Monday, August 28, 2017

Peanut's Birth Story: Lessons Learned

Well, it's been seven whole weeks since our little Peanut was born.  That's long enough for him to have been baptized, moved out of newborn-sized clothing, and experimented with bottle feeding in preparation for daycare.  It's long enough for me to have lost twenty pounds (although, if we're being honest, half of that was just him), begun a modest freezer stash of milk, and received the go-ahead from my doctor to begin an exercise regimen and engage in other activities which I am nowhere near mentally prepared for quite yet.  Seven weeks is a long time.

And yet it's not quite long enough to recover.

I've recovered physically, at least according to my doctor.  But I'm not really over it.

With our daughter's birth, I wrote up a little list of "lessons learned" as if giving birth is an exam that you study for, and everything will be fine if you know the right answers.  I do think that is a list of valuable takeaways from that particular birth, but if I learned anything from conceiving, carrying, and giving birth to this baby, it's that you just can't plan these things, not truly.

I had a very solid, smart plan for this baby.  I had planned exactly which month I'd get pregnant, so that maternity leave would line up just right with everything else going on in our lives.  I had planned to exercise more regularly during this pregnancy, enabling me to better endure labor and have a successful, trauma-free delivery.  I had planned to labor in different positions than I had the first time, to stay away from the stresses of the hospital for as long as possible, and to have the stamina to just not need an epidural and all the complications it brings.

It took us six months to conceive this baby.  I know that doesn't sound like a very long time to those couples who struggle for years to conceive, but when our first child was a total surprise- when we didn't even have to try- we sort of expected an actual planned pregnancy to be easy to achieve.

I was so, so tired during this pregnancy.  I couldn't sleep, and even when the sickness of the first trimester had passed, I still had a lingering nausea most of the time.  By the end, my feet and legs were so swollen that just walking from my car to my desk every day at work was painful and exhausting.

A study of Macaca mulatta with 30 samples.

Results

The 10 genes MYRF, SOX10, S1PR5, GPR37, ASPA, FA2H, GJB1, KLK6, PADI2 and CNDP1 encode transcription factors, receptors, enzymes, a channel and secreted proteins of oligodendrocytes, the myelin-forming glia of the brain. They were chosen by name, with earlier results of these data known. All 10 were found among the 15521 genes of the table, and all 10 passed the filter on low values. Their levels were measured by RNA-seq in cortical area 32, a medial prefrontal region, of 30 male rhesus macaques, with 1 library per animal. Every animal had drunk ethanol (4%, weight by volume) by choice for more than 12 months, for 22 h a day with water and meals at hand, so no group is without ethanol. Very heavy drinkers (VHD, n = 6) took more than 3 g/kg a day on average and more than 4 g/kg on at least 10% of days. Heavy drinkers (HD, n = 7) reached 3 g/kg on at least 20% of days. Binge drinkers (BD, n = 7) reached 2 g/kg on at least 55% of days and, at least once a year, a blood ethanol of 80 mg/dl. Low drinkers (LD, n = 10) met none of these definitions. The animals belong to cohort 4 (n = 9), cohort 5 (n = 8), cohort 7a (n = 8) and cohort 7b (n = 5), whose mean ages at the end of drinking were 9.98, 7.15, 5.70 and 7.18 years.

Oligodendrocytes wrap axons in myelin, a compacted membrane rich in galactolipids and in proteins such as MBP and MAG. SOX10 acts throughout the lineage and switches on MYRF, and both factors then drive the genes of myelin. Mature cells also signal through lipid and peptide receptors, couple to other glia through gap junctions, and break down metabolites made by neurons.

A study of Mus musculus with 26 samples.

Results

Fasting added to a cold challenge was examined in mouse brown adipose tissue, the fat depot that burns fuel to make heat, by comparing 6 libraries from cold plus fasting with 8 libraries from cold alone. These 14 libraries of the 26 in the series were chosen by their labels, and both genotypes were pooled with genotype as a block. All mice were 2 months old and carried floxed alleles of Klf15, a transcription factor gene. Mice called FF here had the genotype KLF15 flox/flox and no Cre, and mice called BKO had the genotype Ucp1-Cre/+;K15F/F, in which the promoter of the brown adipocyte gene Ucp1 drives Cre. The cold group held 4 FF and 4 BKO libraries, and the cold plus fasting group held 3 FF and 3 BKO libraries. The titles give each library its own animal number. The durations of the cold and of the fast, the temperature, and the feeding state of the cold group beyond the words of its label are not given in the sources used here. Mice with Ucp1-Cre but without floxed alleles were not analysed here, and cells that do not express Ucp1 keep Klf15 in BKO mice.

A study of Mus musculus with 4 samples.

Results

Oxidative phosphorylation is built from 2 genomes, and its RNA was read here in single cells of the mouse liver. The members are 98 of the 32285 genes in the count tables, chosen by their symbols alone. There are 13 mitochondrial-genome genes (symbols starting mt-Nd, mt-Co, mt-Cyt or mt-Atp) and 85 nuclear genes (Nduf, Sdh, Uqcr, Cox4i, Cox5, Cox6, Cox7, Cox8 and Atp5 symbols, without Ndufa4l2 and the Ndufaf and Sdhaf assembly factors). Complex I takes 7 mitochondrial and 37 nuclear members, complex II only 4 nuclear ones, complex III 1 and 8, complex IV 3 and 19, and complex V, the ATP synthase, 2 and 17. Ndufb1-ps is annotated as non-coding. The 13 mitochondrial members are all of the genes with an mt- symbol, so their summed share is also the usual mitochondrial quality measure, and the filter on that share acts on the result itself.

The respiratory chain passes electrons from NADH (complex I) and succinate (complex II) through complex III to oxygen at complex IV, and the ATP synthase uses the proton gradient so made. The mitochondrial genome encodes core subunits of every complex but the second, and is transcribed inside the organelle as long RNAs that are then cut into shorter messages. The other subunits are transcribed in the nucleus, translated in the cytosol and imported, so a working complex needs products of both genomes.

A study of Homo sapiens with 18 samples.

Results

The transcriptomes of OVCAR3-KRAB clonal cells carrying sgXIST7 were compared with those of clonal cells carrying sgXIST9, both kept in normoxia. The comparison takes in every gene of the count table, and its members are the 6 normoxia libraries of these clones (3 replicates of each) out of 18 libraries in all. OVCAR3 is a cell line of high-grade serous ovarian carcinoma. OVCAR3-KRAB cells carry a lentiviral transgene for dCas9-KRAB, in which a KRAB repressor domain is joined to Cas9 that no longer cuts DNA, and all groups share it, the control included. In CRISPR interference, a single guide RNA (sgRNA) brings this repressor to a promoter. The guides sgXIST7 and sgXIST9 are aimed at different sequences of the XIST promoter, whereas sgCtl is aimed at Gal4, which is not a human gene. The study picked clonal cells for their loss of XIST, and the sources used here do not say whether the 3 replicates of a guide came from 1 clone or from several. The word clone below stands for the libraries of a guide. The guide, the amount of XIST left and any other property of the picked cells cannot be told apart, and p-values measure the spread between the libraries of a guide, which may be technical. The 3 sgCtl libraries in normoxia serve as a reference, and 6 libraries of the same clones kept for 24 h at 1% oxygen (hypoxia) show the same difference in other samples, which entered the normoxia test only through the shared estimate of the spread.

And though I had the perfect Birth Plan, I was completely unprepared for the way this child was going to enter the world.

Now, don't get me wrong- I still believe that Natural Family Planning is an incredible tool for understanding your fertility, I still believe that birth is like a marathon for which you have to train, physically and mentally, if you want to reach the finish line, and I still believe it is incredibly important to do that training with a coach whom you would trust with your very life and to have a clear list of priorities for your birth.


God's plans always, always, always trump our own.  The best we can hope for is to acknowledge what His plan is, and be flexible enough to adapt to the situation we find ourselves in.  In other words- go with the flow!

Says the girl who still occasionally has nightmares reliving this particular birth experience.

The actual story is much shorter this time.  Come back tomorrow if you'd like to read the prologue, and Wednesday for the meaty part.

Much love,
The Geeks

The story continues here.

Comments are turned off for these posts, because this is a monologue, not a dialogue.  I need to say all this to help myself move past it, but that doesn't mean I necessarily want to hear what anybody else has to say- and I mean that in the most charitable way.